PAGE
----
4 MAY 1923, Page 21


&warm* speaking, it was the Second Revolution Mr. Williams observed, as he did not arrive in Russia till June, 1917. He was one of a delegation bringing appropriate messages from the Socialists of America, but it was not, of course, till

November of that year that the Bolshevik party completely overthrew the Kerensky, Menshevik or bourgeois regime. There are two threads to be disentangled in this book if it

is to have any value—the author's emotional reaction to events and his actual testimony as to matters of fact observed by him. The first is translated into terms of the utmost nobility ; the sight or even the thought of a procession is enough to move him to the extreme heights of lyricism and he has at command a very supple style. It is what might be called the oratorical-narrative style, because, whilst relating facts, it does not observe the things as they are, but rather as they aspire to be. Reading this book one would say it was quite the nicest Revolution in history, and that the number of casualties bore such a small proportion to the population of Russia that it might be called bloodless.

This idealistic sophistry is apparent throughout the book. Even such a statement as this : "Had not the Allies inter- vened in Russia and again stirred up war against the Soviets, in all probability there would htive been no Red Terror" (and we were at least prepared to admit that intervention may have aggravated the Terror), becomes entirely dis- credited by the assertion which follows : "Both in numbers and fiendishness the outrages of the Reds pale before the atrocities committed by the Whites." The half-truth in this statement, that the Whites were ruthless when they captured any obdurate Reds, does not gain by being so extravagantly expressed.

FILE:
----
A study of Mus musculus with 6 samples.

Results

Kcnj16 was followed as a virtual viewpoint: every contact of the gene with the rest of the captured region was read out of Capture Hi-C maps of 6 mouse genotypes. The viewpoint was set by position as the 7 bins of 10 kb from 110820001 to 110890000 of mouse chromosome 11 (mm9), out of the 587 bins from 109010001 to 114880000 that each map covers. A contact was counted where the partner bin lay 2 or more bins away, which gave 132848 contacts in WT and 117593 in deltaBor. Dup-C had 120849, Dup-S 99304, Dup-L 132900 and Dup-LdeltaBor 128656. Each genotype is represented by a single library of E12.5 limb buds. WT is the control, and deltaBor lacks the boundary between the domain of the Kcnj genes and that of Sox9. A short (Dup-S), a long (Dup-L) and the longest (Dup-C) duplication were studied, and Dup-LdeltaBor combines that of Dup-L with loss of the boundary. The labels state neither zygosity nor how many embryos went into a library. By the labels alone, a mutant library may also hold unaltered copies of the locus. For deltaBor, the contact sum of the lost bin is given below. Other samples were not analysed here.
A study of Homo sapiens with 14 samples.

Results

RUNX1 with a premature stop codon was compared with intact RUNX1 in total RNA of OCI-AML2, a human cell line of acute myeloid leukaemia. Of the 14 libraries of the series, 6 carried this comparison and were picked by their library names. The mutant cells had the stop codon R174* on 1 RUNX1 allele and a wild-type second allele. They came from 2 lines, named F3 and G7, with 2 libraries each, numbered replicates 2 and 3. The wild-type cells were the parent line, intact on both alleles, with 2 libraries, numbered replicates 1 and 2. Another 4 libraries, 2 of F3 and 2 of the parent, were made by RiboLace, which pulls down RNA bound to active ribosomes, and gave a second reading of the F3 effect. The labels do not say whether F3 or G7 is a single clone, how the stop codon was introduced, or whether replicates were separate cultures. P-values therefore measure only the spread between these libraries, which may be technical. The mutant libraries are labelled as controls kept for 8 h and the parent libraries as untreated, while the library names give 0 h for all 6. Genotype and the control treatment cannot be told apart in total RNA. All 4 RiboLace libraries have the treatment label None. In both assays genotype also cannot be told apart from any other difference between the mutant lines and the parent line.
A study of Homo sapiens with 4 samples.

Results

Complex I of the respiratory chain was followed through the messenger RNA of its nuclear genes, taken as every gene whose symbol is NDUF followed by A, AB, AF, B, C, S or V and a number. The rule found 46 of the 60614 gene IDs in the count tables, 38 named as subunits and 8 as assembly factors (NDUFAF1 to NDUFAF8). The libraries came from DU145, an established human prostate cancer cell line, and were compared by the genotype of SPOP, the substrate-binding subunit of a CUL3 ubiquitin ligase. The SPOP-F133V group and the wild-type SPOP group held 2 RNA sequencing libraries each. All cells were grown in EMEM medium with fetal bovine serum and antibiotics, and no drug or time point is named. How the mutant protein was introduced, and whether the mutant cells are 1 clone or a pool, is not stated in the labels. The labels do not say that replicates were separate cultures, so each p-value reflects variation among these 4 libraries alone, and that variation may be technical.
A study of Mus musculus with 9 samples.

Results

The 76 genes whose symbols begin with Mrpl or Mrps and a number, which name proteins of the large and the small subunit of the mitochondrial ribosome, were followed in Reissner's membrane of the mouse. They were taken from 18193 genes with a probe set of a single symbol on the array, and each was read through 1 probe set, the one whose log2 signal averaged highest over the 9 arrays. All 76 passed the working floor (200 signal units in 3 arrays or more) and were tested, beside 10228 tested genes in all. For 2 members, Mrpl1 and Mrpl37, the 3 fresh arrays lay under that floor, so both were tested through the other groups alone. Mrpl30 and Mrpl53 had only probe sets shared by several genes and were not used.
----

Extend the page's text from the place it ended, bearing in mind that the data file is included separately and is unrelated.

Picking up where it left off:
More lies are propagated in the name of Truth than in the service of crime. Mr. Williams has, one can feel from his book, a character of great integrity and beauty, but his wits are not so keen as they might be. He has not reckoned with the extreme suggestibility of his mind, which bears traces of all the social philosophers from Rousseau to the posters of Bolshevik Russia. Summing up the results of the Revolution, he says in one clause :—

" It has brought in to the Soviets 1,000,000 workers and peasants and given them direct experience in government. It has organized 8,000,000 workers into trade unions. It has taught 40,000,000 peasants to read and write. It has opened the doors of tens of thousands of new schools, libraries and theatres, and roused the masses to the wonders of science and art."

The summit of this crescendo is frankly in the clouds. No other traveller that we know has seen these many schools, &c., and as Mr. Williams returned to America about a year after

the Bolshevik coup, someone must have told him about them ; that was to take an unfair advantage of him.

The propaganda posters, reproduced in colours, are most amusing and effective. One shows the ignorant people, dark and superstitious, passing through a schoolhouse and emerging white and radiant into the sunshine. If images like that can influence an educated man to such an extent, what a tyranny they must exercise on the unsophisticated peasant, unless indeed his proverbial and native cunning, preserved by his illiteracy, protects him against the well- meaning rhetoric of his present lords.